Top Ten Experiences in Guatemala

Lake Atitlan, once described by Aldous Huxley as being “possibly the most beautiful lake in the world” is definitely that. Surrounded by three perfect cone topped volcanoes with loads of tiny village dotted along the water’s edge, the lake’s surface is literally like glass. Perfect for kayaking and is warm enough to swim in.

Climbing Volcano Pacaya is an absolute must do. After a stiff steep hike, one is rewarded with the close-up view of the flowing river of bubbling red hot lava sliding down the grassed sides of the volcano. It truly takes your breath away and you can get so close to the lava that your face also glows red with the heat, but just watch out you don’t melt your shoes.

Isolated Livingston is with its mix of Garifuna culture is a world away from the rest of Guatemala. The colorful Rastas and laid back lifestyle with impromptu musical performances drummed out on tortoise shells. Coconuts grow in abundance here and are evident in local dishes. A mouthwatering specialty is the creamy Topado soup with seafood and spices, which can be washed down with a potent Coco loco – local rum inside a coconut.

Relaxing in wooden huts on stilts with the river lapping below in Rio Dulce amongst tropical vegetation is a real retreat. Out on the river itself offers the opportunity not only to see many birds and iguanas sunning themselves but also unique jungle flowers and giant fruits. The river is dotted with lily pads and local children eager to show you the latest crab they’ve caught.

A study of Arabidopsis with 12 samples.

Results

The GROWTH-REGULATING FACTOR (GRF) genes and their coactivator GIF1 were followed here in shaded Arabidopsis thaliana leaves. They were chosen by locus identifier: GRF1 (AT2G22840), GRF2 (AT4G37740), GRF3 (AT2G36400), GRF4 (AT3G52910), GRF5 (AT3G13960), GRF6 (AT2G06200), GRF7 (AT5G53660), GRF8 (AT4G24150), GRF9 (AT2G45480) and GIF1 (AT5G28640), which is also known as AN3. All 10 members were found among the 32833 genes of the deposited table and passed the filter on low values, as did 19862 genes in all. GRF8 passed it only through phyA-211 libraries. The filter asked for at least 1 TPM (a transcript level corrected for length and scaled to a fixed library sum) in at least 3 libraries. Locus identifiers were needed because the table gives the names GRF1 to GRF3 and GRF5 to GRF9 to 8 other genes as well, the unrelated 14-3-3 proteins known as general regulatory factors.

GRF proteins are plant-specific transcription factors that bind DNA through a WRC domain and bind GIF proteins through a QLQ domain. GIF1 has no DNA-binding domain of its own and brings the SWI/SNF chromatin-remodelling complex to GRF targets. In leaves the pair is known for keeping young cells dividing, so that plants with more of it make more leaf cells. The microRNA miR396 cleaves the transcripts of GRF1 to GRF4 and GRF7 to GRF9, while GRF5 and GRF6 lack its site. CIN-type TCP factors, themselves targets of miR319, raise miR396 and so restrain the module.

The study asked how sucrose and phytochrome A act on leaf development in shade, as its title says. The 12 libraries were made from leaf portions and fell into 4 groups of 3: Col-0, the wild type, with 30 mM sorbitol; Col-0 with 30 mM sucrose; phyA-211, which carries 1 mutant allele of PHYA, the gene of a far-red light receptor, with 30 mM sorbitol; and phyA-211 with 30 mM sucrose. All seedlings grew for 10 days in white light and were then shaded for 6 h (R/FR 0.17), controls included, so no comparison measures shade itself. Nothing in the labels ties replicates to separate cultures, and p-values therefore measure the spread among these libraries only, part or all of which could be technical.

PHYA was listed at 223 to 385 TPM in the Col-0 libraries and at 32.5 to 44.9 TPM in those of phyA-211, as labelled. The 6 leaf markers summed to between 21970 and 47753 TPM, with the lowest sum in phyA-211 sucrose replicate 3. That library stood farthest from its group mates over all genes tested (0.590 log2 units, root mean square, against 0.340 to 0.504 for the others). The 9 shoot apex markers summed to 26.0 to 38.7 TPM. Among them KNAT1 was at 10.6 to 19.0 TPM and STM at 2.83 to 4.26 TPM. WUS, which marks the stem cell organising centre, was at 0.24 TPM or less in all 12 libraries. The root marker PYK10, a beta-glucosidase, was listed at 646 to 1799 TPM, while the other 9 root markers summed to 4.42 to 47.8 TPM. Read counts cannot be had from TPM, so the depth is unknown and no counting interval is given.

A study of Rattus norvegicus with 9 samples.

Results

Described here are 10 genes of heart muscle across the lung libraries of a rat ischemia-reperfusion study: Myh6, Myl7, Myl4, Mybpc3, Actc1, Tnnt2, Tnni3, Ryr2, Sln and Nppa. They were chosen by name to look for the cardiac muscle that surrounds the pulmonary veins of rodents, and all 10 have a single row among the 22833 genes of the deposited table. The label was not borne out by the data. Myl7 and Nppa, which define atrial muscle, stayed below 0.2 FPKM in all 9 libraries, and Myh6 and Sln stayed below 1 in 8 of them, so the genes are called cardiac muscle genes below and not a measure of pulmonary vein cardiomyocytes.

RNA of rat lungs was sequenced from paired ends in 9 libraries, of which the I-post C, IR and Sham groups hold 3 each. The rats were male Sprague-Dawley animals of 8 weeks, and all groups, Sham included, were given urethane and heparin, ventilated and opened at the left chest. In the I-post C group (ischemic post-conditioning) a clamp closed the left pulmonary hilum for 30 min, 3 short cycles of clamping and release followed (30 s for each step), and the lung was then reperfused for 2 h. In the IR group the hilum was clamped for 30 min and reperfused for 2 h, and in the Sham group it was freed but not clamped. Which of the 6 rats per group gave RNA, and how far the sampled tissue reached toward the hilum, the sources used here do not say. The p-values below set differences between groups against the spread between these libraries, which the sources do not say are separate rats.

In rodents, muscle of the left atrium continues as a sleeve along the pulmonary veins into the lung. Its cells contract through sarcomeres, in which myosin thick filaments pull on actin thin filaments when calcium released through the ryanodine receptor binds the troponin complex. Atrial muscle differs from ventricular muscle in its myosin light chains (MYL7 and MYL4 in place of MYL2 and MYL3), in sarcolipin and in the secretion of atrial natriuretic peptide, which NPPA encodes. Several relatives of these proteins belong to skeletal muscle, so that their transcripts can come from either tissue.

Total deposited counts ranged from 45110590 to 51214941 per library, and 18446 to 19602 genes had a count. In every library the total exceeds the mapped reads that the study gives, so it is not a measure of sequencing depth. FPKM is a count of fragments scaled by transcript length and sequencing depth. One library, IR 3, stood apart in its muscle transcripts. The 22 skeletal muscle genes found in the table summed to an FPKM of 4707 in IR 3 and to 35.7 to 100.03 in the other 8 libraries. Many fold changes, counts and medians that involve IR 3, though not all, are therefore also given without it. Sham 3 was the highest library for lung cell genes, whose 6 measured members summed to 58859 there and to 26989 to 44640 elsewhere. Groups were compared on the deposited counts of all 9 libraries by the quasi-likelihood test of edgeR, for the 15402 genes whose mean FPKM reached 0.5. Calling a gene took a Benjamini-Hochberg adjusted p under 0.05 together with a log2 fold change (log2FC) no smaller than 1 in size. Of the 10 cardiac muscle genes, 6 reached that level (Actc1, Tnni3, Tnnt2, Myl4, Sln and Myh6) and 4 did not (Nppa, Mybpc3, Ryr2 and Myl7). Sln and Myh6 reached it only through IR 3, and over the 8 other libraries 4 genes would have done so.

Wandering the colorful colonial grid-like cobbled streets of Antigua surrounded by three massive volcanoes deserves its world Unesco heritage site status. It’s wrought iron grills on the windows of the uniformly painted buildings with indigenous locals gathered around the churches and markets.

Shop until you drop at the intensely colorful Chichicastenango market where locals from all around the highland villages around descend every Thursday and Sunday to sell their crafts. It is also a local produce market. On the steps of the central Catholic church built on top of the original Mayan place of worship, modern-day Mayans perform rituals that date back centuries.

A cute colonial settlement on the tiny island of Flores with a real Spanish feel. Sunsets with cocktails overlooking lake Peten is the order of the day.

Tikal is the mecca of Mayan ruins and pyramids, located deep in the steamy tropical jungle of the Peten district. Star Wars was filmed here and they just keep unearthing new buildings daily. The steep pyramids you’ll see on a Tikal tour are well worth the effort for commanding views. Can also find monkeys, toucans and many tropical birds in abundance here. And the termites taste great; just like carrots.

Santiago de Atitlan on the Lake of the same name is one of its many interesting villages, all with different qualities and all worth visiting in their own right. What makes Santiago special is the interesting effigy of a Catholic saint fused with an indigenous chief called Maximon who is honored and housed in a different family home each year and visited by hundreds to be healed. The wooded figure surrounded by twinkling musical fairly lights, smokes, drinks, and heals people.

Quetzaltenango meaning “place of the Quetzal”, Guatemala’s national bird, is a bit of a mouthful so it’s called Xela for short. It’s a very popular alternative to Antigua for people wanting to learn Spanish with lots of language schools with less touristy businesses and a more local flavor.

Explore jungle temples and waterfalls. Mayans, markets and mountain villages. See pelicans along the Rio Dulce and relax on Belize barefoot island. We’ll help you build your own Mexico, Guatemala and Belize adventure.